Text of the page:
IBM has topped third quarter PC sales figures, while Hewlett-Packard lost ground and the white-box sector continued its market share slide, according to latest research from analyst IDC.
It is the first time since the analyst began collecting data in 1994 that Big Blue has topped the vendor list on IDC's quarterly desktop, notebook and server PC sales figures, recording 14 per cent market share, ahead of Compaq and HP.
According to IDC figures, the PC market grew 7.3 per cent on the previous quarter and 25.4 per cent year on year, with 627,000 units shipped for the three months. Around 500,000 units were sold in the PC sector, while notebooks sold more than 110,000 units - the most ever shipped in a quarter, according to the analyst. Standards-based servers make up the balance of the total.
IBM's success is due largely to an awakening corporate business market, which had all but shut down in the first half of this year, IDC said. Consumer PCs also did well for Big Blue, despite sluggish mass-merchant sales, thanks to alliances with companies such as Virtual Communities.
IDC's PC analyst Logan Ringland described the figures as both a "surprising result" and a "fantastic effort".
"[IBM] had trouble selling into enterprise clients during the first half of the year because of GST and other market slowdowns," Ringland said. He added that Big Blue's consumer sales had been keeping IBM in the picture in the first two quarters.
"Everything came into line for [IBM] in Q3. Their corporate business came good as pent-up demand was unleashed, while consumer sales held their ground," Ringland said.
Of the other vendors, HP was the only one in IDC's top five which dropped sales quarter to quarter, although overall figures are up on those of last year. HP's consumer and corporate PC sales were strong, but its server business floundered, sales dropping significantly both for the quarter and year on year. HP's overall PC sales accounted for 9.9 per cent of the market share.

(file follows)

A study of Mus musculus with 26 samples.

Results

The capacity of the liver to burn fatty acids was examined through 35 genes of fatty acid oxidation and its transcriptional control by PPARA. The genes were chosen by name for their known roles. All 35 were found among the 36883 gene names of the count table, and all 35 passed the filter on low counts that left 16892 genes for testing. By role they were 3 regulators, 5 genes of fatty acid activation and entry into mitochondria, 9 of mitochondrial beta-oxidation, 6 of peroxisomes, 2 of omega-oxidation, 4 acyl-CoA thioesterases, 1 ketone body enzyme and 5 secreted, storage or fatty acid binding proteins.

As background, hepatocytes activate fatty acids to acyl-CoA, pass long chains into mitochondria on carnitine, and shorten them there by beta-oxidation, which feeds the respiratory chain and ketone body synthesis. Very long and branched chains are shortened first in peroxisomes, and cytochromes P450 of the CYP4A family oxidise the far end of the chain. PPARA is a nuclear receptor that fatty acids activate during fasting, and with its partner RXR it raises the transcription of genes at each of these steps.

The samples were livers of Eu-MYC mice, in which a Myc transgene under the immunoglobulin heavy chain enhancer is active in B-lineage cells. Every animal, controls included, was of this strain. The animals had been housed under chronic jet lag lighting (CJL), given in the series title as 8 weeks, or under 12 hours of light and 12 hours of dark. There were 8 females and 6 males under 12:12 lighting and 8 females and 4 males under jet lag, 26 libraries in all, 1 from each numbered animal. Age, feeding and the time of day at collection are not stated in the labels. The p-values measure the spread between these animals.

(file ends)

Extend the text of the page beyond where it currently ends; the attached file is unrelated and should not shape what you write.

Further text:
"HP's notebooks are not the best selling - in fact they are quite poor - and last quarter server sales took a pounding for them," Ringland said. "As so much hardware is sold as part of a complete solution these days, I think those poor server sales have hindered HP's performance."
Ringland said the next three quarters will be make or break for the white-box sector which continues to suffer declining market share.
"White-box vendors have suffered at the hands of components shortages such as CPUs earlier in the year and now hard drives," he said. "If [white-box vendors] can survive this year, they are looking okay for next year, but this is a sector of the market that the multinationals have been actively targeting.
"[The multinationals'] market share is increasing so there is some possibility that white-box vendors are becoming an endangered species. It is all about them being able to demonstrate a market differentiation and being able to add value.
Ringland predicted the October-December quarter to be a tough one, with sales being either "flat or just up". White-box vendors will continue to face hard-drive shortages, Ringland said, because the component vendors are getting better margins selling the capacitors in hard drives to booming mobile phone manufacturers. This is a situation that should improve in the new year, he said.